Now... this Grim Reaper nonsense is all getting a bit silly. Those of us baby-boomers born in the halcyon days of the late 1950s and early 1960s have certainly had certain advantages.
1) We saw all the best bands before they were charging £50 a ticket to see them at the back of an arena. (My personal favourite: Ian Dury and the Blockheads, Newcastle City Hall, 3 support acts including a Punch and Judy show and all for £7.50. And they were throwing out free lapel badges at the end.)
Sunday, 24 April 2016
Friday, 22 April 2016
I went to see the comedian Mark Thomas in Newcastle last night, doing his 'Trespass' stand-up tour. Mark's a political activist in the best sense of the term. He's the sort who stages weirdly humorous stunts to shame councils and corporations and politicians into doing the right thing when it's easier for them not to.
Friday, 15 April 2016
The most boring job I ever had in the past, wasn’t having to clean out the bacon boiler in a supermarket. That was greasy and gooey, but in the end I saw it clean and sparkling. (Cleaning isn’t a boring job because there’s an end result, even if the thing you’re cleaning will be dirty again tomorrow.) Neither was it cleaning toilets in a factory – for the same reason. In the end, it all comes out sparkling. I took quite a pride in it, really.
Tuesday, 5 April 2016
Do you ever feel sorry for the dinosaurs? They were big, they were hungry, and by gum, they lasted for a very long time. Small children all have their favourites, especially everyone’s cuddly favourite, the T-Rex that embodied with big teeth and massive jaws, the idea of being the biggest, toughest kid on the block. And the palaeontologists tell us they lasted for millions of years, which sounds pretty successful to me.
But then something happened. Climate change? Earth being struck by a comet? Whatever it was, the world cooled down, and the best survivors just happened to be the creatures who were smaller, furry, social and intelligent enough to handle it. There was nothing actually wrong with the dinosaurs, but they couldn’t adapt to the new climate conditions, and so they faded away.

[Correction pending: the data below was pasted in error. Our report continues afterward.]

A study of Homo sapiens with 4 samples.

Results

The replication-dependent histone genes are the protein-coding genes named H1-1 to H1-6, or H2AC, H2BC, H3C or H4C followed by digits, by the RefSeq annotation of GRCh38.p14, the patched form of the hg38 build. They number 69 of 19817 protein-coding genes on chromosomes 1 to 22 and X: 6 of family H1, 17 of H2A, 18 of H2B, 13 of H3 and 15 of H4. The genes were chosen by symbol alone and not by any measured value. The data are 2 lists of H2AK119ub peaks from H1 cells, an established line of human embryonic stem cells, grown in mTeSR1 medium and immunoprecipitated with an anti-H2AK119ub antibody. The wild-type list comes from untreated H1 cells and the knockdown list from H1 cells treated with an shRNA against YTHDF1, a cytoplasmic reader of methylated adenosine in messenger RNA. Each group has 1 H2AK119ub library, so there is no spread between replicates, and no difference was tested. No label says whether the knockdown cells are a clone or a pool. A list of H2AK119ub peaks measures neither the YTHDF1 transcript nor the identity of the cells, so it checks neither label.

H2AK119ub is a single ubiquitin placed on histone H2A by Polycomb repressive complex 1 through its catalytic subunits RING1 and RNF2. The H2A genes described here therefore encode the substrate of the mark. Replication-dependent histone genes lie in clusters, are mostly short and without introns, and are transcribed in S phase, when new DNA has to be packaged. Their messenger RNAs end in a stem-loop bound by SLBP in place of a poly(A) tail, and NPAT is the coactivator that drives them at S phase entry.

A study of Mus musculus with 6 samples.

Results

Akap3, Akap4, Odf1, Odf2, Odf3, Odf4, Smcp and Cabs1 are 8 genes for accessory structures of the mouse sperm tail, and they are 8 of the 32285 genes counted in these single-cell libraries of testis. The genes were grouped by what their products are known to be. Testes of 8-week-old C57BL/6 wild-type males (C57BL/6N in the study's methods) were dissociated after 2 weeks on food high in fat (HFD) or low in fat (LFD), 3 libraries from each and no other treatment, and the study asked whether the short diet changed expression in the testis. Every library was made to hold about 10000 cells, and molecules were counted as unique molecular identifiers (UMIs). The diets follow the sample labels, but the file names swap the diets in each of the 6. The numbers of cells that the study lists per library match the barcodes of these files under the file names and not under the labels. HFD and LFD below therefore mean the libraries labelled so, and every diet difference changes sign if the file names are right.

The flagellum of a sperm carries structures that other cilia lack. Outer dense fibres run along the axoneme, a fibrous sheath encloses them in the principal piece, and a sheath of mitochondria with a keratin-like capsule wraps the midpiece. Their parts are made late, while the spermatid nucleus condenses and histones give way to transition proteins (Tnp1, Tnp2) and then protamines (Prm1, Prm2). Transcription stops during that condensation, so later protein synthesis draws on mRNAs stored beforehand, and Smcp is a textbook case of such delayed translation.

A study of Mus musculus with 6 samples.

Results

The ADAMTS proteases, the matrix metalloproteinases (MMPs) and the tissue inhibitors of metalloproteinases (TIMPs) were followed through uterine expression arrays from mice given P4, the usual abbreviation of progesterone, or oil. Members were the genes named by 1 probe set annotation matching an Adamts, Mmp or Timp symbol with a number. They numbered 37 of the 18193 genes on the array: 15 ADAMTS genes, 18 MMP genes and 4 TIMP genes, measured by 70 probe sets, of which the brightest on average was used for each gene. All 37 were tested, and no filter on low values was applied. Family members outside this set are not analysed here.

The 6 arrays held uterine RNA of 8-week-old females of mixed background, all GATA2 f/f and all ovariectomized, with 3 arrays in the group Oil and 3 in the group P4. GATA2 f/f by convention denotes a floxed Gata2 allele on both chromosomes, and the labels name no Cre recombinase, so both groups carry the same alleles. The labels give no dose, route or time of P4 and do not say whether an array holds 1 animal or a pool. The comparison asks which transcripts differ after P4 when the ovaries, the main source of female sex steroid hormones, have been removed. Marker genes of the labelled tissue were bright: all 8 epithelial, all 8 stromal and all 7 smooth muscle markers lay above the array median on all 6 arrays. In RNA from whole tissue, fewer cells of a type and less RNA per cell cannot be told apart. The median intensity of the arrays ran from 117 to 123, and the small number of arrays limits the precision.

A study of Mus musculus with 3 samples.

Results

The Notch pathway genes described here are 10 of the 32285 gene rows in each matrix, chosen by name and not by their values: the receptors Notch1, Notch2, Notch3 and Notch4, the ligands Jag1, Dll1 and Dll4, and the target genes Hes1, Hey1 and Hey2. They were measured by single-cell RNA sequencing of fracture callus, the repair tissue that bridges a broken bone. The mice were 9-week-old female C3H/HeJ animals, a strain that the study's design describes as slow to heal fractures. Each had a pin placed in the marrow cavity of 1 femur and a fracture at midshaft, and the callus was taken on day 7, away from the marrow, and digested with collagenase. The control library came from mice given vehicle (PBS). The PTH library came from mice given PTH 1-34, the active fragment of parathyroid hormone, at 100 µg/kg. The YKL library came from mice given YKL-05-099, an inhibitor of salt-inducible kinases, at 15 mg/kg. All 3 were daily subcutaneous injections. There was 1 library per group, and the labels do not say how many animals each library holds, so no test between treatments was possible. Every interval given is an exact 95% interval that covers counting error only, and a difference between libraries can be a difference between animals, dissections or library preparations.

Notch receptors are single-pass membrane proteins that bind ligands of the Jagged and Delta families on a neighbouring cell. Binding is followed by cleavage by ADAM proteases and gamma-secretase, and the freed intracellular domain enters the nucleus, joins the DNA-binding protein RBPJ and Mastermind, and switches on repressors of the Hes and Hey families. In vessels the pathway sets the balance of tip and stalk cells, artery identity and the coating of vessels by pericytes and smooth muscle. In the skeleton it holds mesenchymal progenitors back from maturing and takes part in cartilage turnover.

The Jurassic Park films (based on Michael Crichton’s original novel) play with the idea of bringing the dinosaurs back for human amusement, but then, gosh, would you believe it, everything goes wrong and then we have Jeff Goldblum et al (with attendant children) running for their lives and always forgetting to have a really big gun next to them. It all goes a bit Frankenstein (Scientists playing God and coming a cropper), but that’s Hollywood for you.
So which of our long-cherished public institutions could be in danger of going the same way of the dinosaurs in Britain? The Monarchy? Parliamentary Democracy? The National Health Service? The Church of England? Take your pick. Of course, we’re not unintelligent reptiles subject to the laws of evolution because we can also change the environment we’re in- we’re not subject to it. It all depends on the degree to which people are willing to notice the way the wind is blowing, and be prepared to make changes that ensure our survival without losing our identity- which isn’t always easy. How far can you change an institution before it becomes something completely different and alien- especially for those who liked it, just the way it was?
One solution, of course, is to put them in a theme park, for paying visitors. To some extent, that’s what happens already, as palaces and stately homes and cathedrals now open their doors with a view to tourism topping up the coffers. But remember the Jurassic Park thing. What might happen if the inhabitants of Buckingham Palace were to suddenly revert to their original nature, the one that put them in charge in the first place (Wars of the Roses Part 2, anyone?). Or if Parliament started taking on the established forces and started chopping off a few crowned heads (or their corporate equivalent). Or if a cathedral was to start doing again, the very thing that caused it to be built in the first place, and God’s Holy Spirit suddenly broke out among the people?
Dangerous creatures, dinosaurs. Hard to tame. Best keep an eye on them.